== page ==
Apple (new window) has a well-deserved reputation for offering universally designed products that come packed with accessibility features right out of the box. The iPad is a great example of this, and since its launch in 2010, the iPad has dominated the tablet market by creating easy-to-use and accessible products that range in application from casual use in one’s home to a more fast-paced, professional environment.
The newest iteration of the iPad, the iPad Pro, caters more to professional use, offering a larger, more powerful device that is supported by the accessory that we are going to be focusing on today: The Apple Pencil (new window).
To put it simply, the Apple Pencil is a stylus. However, the Apple Pencil is not your run-of-the-mill stylus. In fact, the Apple Pencil currently retails for about $120 Canadian, and represents a new evolution in Stylus technology. The Apple pencil is especially sensitive to pressure and tilt, allowing users to write and draw with even more precision than with an entry-level stylus. Charging the device is easy, as users simply pull off the cap and plug the device directly into your iPad. And because the device connects via Bluetooth, users will not have to worry about any Wi-Fi related connection issues.
Let’s talk a bit more specifically about the various ways in which the Apple Pencil can be used as AT:
Because the Apple Pencil is so sensitive and precise, it’s a great tool for taking down notes in class or on the job, especially when paired with note-taking apps such as Evernote or Notability, which support handwritten notes and annotations in their app. In fact, the apple pencil integrates with all iOS apps (including all Microsoft apps such as Word or OneNote) so compatibility will never be an issue. And for those individuals who simply prefer handwriting to typing, or whose disabilities might prevent them from effectively using a virtual or physical keyboard, the Apple Pencil is a great alternative.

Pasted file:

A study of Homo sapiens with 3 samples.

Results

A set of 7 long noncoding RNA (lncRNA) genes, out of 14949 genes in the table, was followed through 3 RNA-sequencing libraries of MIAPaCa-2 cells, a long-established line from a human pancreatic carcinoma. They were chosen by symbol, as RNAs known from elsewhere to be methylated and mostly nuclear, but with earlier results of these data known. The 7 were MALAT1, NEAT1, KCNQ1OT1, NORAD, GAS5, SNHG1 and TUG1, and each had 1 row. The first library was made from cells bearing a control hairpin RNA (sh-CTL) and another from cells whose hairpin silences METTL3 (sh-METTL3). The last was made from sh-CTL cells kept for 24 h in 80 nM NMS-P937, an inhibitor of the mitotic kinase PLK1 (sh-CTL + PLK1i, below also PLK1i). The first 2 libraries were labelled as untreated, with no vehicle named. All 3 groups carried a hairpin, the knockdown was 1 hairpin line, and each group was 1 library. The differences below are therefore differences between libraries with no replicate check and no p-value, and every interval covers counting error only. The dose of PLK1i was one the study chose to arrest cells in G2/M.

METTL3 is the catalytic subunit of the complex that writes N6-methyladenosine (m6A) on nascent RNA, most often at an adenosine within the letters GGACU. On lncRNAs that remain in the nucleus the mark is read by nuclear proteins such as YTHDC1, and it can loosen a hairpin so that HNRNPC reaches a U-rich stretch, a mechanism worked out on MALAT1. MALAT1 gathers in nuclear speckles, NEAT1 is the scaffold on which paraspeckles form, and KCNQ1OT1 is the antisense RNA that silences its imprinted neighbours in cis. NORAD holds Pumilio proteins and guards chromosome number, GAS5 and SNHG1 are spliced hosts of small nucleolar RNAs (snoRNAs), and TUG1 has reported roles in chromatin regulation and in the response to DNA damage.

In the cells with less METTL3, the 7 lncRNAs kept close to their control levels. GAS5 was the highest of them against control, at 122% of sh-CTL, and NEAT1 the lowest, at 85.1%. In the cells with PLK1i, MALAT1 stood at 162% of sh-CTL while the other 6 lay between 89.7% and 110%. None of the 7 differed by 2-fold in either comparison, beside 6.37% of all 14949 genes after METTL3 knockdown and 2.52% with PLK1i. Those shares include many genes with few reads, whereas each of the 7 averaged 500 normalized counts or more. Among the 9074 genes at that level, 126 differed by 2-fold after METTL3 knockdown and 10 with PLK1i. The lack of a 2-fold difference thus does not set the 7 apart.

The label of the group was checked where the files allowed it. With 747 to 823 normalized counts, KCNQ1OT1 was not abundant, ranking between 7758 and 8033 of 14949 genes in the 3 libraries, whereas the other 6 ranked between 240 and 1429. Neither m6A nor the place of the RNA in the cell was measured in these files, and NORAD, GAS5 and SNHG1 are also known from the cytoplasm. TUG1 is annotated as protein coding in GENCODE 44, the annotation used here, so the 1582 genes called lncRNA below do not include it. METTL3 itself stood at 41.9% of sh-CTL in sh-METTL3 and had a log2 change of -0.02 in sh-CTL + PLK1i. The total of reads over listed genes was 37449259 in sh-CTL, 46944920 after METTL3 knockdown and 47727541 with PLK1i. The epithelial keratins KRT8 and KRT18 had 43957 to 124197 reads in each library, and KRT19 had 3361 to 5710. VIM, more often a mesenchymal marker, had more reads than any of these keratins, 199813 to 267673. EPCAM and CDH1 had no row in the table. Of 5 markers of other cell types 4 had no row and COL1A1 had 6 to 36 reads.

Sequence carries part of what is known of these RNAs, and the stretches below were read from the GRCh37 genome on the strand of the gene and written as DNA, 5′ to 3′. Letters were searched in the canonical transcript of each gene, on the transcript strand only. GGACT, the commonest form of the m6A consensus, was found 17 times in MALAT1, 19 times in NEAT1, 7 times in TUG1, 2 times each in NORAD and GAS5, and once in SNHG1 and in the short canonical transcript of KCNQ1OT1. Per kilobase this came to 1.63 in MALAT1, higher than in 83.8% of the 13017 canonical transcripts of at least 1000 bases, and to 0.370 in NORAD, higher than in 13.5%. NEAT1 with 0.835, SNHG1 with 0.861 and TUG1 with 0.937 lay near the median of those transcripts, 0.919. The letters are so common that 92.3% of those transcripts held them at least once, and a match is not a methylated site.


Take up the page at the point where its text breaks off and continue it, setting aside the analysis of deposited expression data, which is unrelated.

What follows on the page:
The Apple Pencil is also great at annotating or “marking-up” documents, emails, pictures, etc. A major advantage to this approach is that annotating documents with your Apple Pencil is less restrictive than other methods of annotating or editing documents as “editors” have a lot more options in how they choose to mark-up documents. Many users might find this approach to be more straightforward and less restrictive than the traditional approach to annotation, which could be especially helpful for those AT users who aren’t so “tech-savvy”.
Offers multiple means of expression
Hitting on one of the main principles of Universal Design for Learning, the Apple Pencil / iPad Pro Combo offers AT users multiple means of expression by allowing them to choose between using a keyboard or “pencil” to write with, which can also be helpful when users start to feel fatigued by extensive note-taking and want to give their typing a rest, but might still want to keep taking notes.
Note: The Apple Pencil is designed exclusively for the iPad Pro and will not function with any other versions of the iPad, or any other iOS device.